Scoliosis is a lateral, or sideways curvature in the shape of the spine.
There are different types of scoliosis that can be broken down into categories. The largest being idiopathic scoliosis, a term used to refer to cases where the cause is unknown. Within that category, idiopathic scoliosis is broken down by age:
The most common of these being adolescent scoliosis.
When a cause can be determined, it will fall under two categories:
Scoliosis is also categorized into structural or nonstructural, referring to the treatability of scoliosis.
The root cause of many cases is undetermined. Most commonly it arises as a result of a growth spurt during puberty that causes an abnormal growth pattern. It can also be a symptom of conditions such as muscular dystrophy and cerebral palsy.
Other factors may include:
Symptoms will vary depending on the cause and degree of scoliosis, but common symptoms may include:
Your diagnosis of scoliosis will begin with a comprehensive medical exam and will likely also include an imaging test. CT scans may be performed to look for abnormalities in the spine and surrounding soft tissue. MRI scans are also common, offering a more detailed view of the spine.
Types of treatment will depend on several factors. The degree of which the spine is curved or damaged being the major factor. Other factors include:
The most common treatment options are bracing and surgery.
A brace may be used if there is still potential for growth or if a spinal curvature is severe. Braces will not reverse curvature but they can prevent the spine from curving further. Doctors generally recommend juvenile cases reach adolescence before bracing.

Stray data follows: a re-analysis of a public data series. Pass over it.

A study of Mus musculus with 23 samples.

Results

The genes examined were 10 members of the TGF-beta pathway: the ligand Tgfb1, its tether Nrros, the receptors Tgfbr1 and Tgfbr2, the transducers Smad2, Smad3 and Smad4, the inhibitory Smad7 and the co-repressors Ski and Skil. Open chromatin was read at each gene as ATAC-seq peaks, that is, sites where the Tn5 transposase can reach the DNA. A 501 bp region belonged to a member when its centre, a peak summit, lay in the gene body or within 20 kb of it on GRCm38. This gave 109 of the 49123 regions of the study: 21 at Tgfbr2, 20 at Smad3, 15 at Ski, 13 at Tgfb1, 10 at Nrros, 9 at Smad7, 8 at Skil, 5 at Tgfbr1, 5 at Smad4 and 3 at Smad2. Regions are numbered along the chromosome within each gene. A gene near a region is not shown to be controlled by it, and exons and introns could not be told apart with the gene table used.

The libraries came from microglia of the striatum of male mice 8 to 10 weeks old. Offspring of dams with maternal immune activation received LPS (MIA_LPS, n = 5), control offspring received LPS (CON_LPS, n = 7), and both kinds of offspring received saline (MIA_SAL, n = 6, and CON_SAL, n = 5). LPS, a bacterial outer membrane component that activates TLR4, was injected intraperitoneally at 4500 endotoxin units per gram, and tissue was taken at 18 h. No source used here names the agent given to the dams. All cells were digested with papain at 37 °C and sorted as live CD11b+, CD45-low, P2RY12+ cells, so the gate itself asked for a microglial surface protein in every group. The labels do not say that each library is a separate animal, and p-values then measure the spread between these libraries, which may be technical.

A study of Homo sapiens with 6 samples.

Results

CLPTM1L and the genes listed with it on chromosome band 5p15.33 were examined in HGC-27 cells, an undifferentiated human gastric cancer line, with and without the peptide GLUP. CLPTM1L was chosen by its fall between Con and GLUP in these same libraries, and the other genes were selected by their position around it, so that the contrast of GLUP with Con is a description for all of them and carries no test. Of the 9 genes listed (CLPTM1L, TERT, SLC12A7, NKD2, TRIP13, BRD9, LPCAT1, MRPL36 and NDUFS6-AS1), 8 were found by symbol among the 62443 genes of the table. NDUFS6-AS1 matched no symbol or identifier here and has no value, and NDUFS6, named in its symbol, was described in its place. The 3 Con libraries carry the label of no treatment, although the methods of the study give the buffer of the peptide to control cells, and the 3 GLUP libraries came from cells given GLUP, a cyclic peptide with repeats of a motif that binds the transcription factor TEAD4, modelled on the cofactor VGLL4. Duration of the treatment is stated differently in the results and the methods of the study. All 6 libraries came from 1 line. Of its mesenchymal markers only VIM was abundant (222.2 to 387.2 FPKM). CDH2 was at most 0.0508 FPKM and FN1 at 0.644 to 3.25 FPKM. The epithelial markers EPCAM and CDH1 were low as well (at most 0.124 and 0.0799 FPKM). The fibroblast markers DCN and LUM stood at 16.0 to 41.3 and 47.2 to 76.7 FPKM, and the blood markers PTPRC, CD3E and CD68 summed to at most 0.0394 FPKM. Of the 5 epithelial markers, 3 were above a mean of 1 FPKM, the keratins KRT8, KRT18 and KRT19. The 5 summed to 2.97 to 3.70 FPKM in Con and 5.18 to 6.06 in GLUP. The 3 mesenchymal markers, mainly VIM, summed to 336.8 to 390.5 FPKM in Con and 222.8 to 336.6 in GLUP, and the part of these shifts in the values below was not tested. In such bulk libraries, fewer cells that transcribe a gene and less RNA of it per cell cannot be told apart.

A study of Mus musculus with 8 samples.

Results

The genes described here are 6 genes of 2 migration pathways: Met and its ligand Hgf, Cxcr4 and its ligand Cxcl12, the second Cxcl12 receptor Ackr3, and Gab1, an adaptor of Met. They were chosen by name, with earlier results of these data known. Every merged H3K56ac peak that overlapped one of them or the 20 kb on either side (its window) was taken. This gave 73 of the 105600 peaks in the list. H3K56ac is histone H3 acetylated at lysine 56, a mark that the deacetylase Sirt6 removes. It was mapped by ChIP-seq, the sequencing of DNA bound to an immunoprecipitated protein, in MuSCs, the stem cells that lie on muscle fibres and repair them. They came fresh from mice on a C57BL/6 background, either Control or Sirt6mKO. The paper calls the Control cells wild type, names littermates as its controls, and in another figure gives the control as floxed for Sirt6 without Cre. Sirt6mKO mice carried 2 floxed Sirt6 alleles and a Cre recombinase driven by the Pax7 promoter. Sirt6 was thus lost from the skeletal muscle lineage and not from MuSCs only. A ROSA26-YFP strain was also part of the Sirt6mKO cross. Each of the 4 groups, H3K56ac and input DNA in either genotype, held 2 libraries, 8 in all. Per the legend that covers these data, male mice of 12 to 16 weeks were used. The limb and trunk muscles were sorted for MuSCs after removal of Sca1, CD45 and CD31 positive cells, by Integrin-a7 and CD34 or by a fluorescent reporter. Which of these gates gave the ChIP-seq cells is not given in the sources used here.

There are two types of braces used in the treatment of scoliosis.
Surgery is recommended for people with severe curvature that is greater than 40 degrees. Surgery may also be used if the symptoms of scoliosis are dangerous or if they are interfering with daily life.
Spinal fusion is the surgical procedure most often used to treat scoliosis. This procedure removes soft tissue between vertebral bones and replaces it with bone or metal. The two bones, over time, fuse to form one long bone. Another method of spinal fusion surgery is fusing vertebrae together using bone grafts, rods and screws. A spinal fusion will most likely require a hospital stay and will likely cause some activity restrictions for three to twelve months.
Long term care for scoliosis will depend on the degree of curvature and the spine’s reaction to treatment. Long-term symptoms that are mild may not interfere with everyday activities.
With the right treatment plan and a healthy lifestyle, symptoms of scoliosis can be greatly reduced to allow for normal functioning of the spine.
At Banner Health, we understand that spine conditions can be painful, which is why we bring together a team of experts, including neurologists, neurosurgeons and orthopedic surgeons to treat your individual spine condition.